Covid-19 Act and its impact on commercial rent

Even if Malaysia has to resort to QE, nothing is more critical than making sure the private sector does not collapse

pic by RAZAK GHAZALI

BY THE end of September, Malaysia will end its moratorium on bank loans. By that time, whether a business is struggling or not, they need to resume paying their loans.

Now, this is all fine and dandy if businesses are making money, but during the Movement Control Order (MCO) and its subsequent variations, a huge number of businesses make zero or negligible revenue, making it tremendously difficult to pay their full rent on commercial spaces, without the threat of bankruptcy.

You can imagine the situation. During the MCO, shopping malls and businesses taking up shop lots are not allowed to open. But there is no law or regulation stopping landlords from demanding full rental payment from tenants even during these difficult times.

At the shopping malls, not only do businesses need to pay for rental fee for their space, but they also need to pay for service charge and promotional fee, chargeable per sq ft.

Why do these businesses need to pay promotional fee when there is nothing to promote? What services is the shopping mall rendering to the business when the malls are closed and there is no central air-conditioning to pay for?

Why is it that tenants need to bear the full brunt, while landlords, who still enjoy tax breaks, have the right to demand full rental payment?

As we all know, the Covid-19 pandemic has gravely impacted trade and put the economy to a grinding halt.

The effect on businesses have been devastating as revenues froze, forcing massive worker layoffs and threatening these businesses to bankruptcy.

Statistics show that the AsiaPacific region has the highest case of insolvency, standing at 4.2%, by virtue of its trade intensity with China and as a result of its monetary and fiscal positions.

Malaysia’s insolvency cases between 2015 and 2019 were recorded at close to 81,000 cases. This figure will undoubtedly spike once we know the final numbers at the end of the loan moratorium in September.

Even before the moratorium, we can already see a plethora of bankruptcy cases, even with big companies that have made headlines of late.

And this is very alarming since small and medium enterprises (SMEs), who will be the worst hit due to this pandemic, employ 66% of the total workforce in this country.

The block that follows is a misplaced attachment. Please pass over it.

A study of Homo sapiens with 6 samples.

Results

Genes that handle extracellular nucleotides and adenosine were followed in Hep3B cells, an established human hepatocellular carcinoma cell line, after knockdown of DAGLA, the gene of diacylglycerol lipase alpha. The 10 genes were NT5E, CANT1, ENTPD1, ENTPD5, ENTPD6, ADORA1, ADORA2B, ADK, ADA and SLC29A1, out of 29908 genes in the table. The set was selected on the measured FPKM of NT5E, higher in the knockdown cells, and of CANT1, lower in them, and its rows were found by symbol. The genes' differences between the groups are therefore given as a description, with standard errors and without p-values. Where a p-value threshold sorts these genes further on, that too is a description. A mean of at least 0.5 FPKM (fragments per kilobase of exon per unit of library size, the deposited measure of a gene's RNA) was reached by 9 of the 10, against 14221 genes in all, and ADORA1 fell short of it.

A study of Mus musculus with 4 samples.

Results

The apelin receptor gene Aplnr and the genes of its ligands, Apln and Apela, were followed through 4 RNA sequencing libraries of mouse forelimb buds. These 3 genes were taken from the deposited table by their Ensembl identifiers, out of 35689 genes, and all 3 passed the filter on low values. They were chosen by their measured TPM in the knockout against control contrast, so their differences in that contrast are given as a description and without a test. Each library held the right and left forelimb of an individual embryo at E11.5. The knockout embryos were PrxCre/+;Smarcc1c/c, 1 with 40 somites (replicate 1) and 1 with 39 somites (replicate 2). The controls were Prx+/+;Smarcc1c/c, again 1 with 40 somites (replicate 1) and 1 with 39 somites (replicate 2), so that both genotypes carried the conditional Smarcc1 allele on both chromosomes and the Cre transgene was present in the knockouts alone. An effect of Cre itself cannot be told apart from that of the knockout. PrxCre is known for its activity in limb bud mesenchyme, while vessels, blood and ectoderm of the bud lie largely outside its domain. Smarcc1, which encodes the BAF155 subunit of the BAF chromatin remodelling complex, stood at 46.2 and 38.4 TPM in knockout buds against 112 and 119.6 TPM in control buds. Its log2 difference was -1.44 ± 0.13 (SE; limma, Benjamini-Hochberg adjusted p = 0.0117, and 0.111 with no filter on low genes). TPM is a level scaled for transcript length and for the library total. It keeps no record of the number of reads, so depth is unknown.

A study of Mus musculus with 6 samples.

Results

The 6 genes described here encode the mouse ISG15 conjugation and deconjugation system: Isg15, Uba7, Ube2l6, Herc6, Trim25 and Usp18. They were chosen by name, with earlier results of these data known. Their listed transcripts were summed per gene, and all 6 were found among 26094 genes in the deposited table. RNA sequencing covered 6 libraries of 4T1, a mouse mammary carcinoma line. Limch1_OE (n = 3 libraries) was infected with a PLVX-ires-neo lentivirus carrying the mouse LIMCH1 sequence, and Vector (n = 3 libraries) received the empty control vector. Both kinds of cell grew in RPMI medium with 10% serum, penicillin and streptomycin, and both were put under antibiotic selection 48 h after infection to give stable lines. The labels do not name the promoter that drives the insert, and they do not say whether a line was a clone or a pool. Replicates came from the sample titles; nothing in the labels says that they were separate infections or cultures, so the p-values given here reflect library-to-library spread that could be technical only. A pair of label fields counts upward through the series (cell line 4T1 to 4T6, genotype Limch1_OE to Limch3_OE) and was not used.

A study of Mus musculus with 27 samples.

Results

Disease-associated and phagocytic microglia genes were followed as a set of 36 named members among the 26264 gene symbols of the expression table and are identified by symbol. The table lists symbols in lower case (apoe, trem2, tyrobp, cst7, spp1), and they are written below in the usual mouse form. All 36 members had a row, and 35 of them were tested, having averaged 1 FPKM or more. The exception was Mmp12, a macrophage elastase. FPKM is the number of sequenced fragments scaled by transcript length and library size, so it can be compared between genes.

If they are not protected, these SMEs will collapse and the massive unemployment that ensues will create a deep problem for the economy, which will recover only after many years.

Hence, the government must, at all cost, keep the businesses afloat, so that employment is kept intact, thereby maintaining consumer spending and avoiding a damaging recession.

For this, the International Strategy Institute (ISI) recommends that the government enact a special Covid-19 Act on rental moratorium, so that businesses do not need to pay for rental space that they have been deprived of using since the lockdown, and incentivise landlords, especially shopping malls, to ease the burden on the tenants.

The natural question is, who will pay for this massive undertaking to keep businesses afloat? This is the responsibility of the government and the central bank to ensure there is enough funds to finance this bid to save the private sector from collapsing.

As mentioned in our earlier article on Covid-19, fiscal deficits can be dealt with when the country gets back on track after the recession.

Even if Malaysia has to resort to quantitative easing (QE), nothing is more critical than making sure the private sector does not collapse, because it is the nucleus of economic activity, of unemployment, and the impetus that maintains consumer spending that fuels economic growth.

This intricate economic relationship is worth saving at all cost. Let’s hope Malaysia does the right thing in these difficult times.

Cheah Chyuan Yong,
Chairman, ISI


The views expressed are of the writer and do not necessarily reflect the stand of the newspaper’s owners and editorial board.